In their first meeting, Secretary of State Antony Blinken and Russian Foreign Minister Sergey Lavrov both discussed a desire to find ways to work together and advance areas where there are mutual interests -- a warmer tone than relations between the two nuclear-armed powers in recent years.
It also came the same day that Blinken waived sanctions on a German firm and its executive, building a Russian-backed pipeline called Nord Stream 2, despite saying the administration would do all it could to block its completion. The decision to waive sanctions, while targeting several Russian vessels and firms working on the pipeline, enraged Republican and Democratic lawmakers, who mandated such sanctions in a law on Jan. 1.
The two top diplomats shook hands before the cameras and even shared a laugh over the pack of press assembled for their meeting. While their diplomatic niceties paper over deep differences and a real low point in U.S.-Russian relations, the possibility of a Biden-Putin meeting seems to have both sides interested in resolving some issues.
Both men cited the opportunity to work together on nuclear arms control, the nuclear programs of North Korea and Iran, and peace in Afghanistan.
"Our task is to make the best of the diplomatic opportunities that we have, and we are glad to see that you are demonstrating such an approach," Lavrov told Blinken, calling for dialogue that is "honest, factual and with mutual respect."
Lavrov also specifically mentioned the crippling restrictions on diplomats serving in both countries. Russia has barred Russian citizens from working for the U.S. embassy and consulates and expelled so many diplomats in recent years, together making it very difficult for the U.S. to provide consular services in the country, such as visas.
While Biden ordered the expulsion of some Russian diplomats last month, the Trump administration expelled dozens throughout former President Donald Trump's term. Lavrov blamed "this great workload" on the "previous" U.S. administration, but called for "building bridges and improving relations," he said in Russian, with a translator speaking in English.
Blinken reiterated the Biden administration's talking points that the U.S. will respond when it and its allies are attacked or threatened by Moscow, just as Biden has sanctioned dozens of Russian officials and entities for its SolarWinds hack, its interference in the 2020 U.S. elections, its continued aggression against Ukraine, and its use of a chemical weapon to try to assassinate Russian opposition leader Alexei Navalny.
But Biden's team doesn't want to "escalate or seek conflict," he added, saying they seek a "predictable, stable relationship" for the good of the Russian and American people and the world.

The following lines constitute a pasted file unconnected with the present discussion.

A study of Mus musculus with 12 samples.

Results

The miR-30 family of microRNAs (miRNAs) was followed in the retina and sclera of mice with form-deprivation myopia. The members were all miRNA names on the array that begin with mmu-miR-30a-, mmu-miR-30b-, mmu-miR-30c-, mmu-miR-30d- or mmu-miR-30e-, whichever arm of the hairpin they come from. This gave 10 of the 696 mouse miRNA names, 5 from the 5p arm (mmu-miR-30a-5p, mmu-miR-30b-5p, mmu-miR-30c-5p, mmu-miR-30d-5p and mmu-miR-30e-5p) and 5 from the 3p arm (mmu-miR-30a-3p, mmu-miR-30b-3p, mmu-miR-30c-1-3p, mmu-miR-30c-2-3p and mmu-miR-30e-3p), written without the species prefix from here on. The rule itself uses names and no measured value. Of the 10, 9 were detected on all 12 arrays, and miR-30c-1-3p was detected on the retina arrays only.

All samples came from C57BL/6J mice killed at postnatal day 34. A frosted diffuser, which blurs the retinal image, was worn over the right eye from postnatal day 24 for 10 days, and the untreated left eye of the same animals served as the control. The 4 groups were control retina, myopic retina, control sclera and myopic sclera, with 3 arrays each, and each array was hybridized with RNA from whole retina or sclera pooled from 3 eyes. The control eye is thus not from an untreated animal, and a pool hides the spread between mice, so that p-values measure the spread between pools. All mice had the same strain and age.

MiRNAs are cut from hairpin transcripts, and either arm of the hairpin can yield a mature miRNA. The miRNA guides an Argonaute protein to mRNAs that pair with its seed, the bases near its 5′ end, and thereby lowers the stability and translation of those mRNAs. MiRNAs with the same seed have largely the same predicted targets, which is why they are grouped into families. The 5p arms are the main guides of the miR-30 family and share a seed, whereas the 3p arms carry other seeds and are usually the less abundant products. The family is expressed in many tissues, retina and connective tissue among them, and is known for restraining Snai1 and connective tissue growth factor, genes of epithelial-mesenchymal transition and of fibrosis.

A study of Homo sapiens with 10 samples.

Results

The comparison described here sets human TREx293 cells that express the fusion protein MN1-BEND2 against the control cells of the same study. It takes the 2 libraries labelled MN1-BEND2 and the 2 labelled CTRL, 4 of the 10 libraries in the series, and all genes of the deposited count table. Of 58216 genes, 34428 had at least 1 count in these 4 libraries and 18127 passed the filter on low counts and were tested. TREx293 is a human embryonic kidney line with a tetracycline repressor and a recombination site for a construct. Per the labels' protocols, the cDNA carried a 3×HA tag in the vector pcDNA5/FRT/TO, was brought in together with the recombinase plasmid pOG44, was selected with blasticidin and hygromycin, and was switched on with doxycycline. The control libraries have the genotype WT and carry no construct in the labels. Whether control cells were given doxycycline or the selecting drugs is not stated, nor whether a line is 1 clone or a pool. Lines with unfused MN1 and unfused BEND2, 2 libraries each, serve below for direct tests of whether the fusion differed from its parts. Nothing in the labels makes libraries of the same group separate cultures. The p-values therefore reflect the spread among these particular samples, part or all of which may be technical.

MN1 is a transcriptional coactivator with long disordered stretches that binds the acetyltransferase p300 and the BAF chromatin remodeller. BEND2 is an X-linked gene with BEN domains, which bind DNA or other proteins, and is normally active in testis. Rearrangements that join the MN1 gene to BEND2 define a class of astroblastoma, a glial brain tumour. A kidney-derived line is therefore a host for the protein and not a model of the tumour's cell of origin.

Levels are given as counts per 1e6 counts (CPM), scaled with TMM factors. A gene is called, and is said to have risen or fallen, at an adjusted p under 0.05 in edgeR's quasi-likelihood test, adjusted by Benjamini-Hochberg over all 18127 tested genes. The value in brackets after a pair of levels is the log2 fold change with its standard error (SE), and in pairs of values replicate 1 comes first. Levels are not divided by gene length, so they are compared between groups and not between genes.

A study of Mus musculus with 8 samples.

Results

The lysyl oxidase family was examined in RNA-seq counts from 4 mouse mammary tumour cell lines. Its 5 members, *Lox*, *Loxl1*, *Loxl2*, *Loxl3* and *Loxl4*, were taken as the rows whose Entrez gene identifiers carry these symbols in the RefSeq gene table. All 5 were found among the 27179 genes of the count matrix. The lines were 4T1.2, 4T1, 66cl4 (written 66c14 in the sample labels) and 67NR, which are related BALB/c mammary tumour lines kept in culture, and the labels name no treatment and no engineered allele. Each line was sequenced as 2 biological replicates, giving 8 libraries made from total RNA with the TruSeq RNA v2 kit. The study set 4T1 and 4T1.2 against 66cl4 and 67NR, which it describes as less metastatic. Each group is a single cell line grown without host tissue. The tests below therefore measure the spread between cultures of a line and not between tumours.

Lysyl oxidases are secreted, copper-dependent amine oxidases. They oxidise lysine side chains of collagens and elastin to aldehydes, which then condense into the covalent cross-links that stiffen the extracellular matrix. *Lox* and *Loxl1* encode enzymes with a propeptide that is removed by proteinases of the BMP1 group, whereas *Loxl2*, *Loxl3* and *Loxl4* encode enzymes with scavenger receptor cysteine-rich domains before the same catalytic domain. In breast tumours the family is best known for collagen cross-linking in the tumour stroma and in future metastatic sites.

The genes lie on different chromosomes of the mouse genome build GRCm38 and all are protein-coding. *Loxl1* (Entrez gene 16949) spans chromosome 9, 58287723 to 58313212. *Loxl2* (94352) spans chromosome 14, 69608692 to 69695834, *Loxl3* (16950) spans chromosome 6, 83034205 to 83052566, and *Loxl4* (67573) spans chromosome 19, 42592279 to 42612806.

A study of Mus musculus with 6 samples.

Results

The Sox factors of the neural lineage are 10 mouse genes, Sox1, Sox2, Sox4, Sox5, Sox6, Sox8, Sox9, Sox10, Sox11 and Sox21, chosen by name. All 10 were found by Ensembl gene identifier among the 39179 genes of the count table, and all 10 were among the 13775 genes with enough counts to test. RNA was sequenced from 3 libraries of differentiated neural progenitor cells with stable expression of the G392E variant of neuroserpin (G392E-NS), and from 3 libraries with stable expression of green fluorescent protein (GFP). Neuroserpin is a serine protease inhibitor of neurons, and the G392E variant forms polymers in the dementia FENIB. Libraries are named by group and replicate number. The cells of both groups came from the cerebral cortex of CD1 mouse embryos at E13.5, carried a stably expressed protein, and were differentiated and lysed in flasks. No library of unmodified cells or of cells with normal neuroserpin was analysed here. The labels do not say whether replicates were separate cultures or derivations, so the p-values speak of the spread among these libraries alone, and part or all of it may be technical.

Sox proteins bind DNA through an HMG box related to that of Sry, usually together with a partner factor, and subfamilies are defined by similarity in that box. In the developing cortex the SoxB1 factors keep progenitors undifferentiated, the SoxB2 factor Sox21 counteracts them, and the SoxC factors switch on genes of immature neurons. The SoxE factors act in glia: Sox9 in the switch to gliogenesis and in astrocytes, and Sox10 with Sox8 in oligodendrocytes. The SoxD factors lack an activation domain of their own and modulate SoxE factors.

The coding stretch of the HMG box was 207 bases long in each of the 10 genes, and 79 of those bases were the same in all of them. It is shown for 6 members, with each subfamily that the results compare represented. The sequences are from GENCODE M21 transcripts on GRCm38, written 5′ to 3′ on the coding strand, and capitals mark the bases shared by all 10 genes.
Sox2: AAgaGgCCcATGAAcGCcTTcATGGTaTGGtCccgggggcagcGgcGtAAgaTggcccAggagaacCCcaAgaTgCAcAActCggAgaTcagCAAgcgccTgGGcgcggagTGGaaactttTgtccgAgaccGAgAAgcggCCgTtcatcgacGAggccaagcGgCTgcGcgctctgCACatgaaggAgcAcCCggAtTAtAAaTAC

After they finished their opening remarks, aides started to usher reporters from the room. Lavrov joked in English, "Nobody is shouting. Nobody is asking questions."
"It's a slow night in Reykjavik," Blinken retorted, referencing the Icelandic capital where they were meeting on the sidelines of the Arctic Council summit.
The two delegations shared a laugh, and as reporters started to shout questions, Blinken joked Lavrov made "a mistake" in mentioning questions. Both ignored those questions, including about Nord Stream 2.
The U.S. has accused Russia of building the pipeline to undermine Poland and Ukraine by sending natural gas directly to Germany. While America's critical ally Germany supports its construction, the U.S. has opposed it for giving Russia increased leverage over Europe's energy needs and threatening Eastern European partners.
Under law, the State Department is required to send a report to Congress every 90 days about the pipeline's progress -- now at some 95% complete -- and about U.S. sanctions meant to stop it.
In their latest report Wednesday, however, the State Department informed Congress it is sanctioning several Russian ships involved in construction, but using a waiver built into the law to avoid sanctions on the German pipeline company and its German executive, who has close ties to the Kremlin.
Blinken acknowledged in the report that the company and executive were in violation of U.S. law, but waived penalties on them anyway -- a decision the top Republican on the House Foreign Affairs Committee Rep. Michael McCaul, R-Texas, called "absolutely ridiculous."
In a statement released as he and Lavrov were meeting, Blinken defended himself saying, "Our position is in line with our commitment to strengthen our Transatlantic relationships as a matter of national security."
But his move enraged not just Republicans, but even some Democrats on Capitol Hill, including the Democratic chair of the Senate Foreign Relations Committee Bob Menendez. In a statement, he urged the administration to "rip off the Band-Aid ... and move forward with the congressionally mandated sanctions."
That remains unlikely for the time being. Blinken repeated the administration continues "to oppose the completion of this project" that the U.S. considers a "Russian-maligned influence project," as State Department principal deputy spokesperson Jalina Porter said Wednesday. But they don't want to harm relations with Germany after four years of tensions under Trump.
German Foreign Minister Heiko Maas, who spoke to Blinken Tuesday night by phone, welcomed the decision, telling reporters it was a "constructive step that we will gladly continue to discuss with our partners in Washington."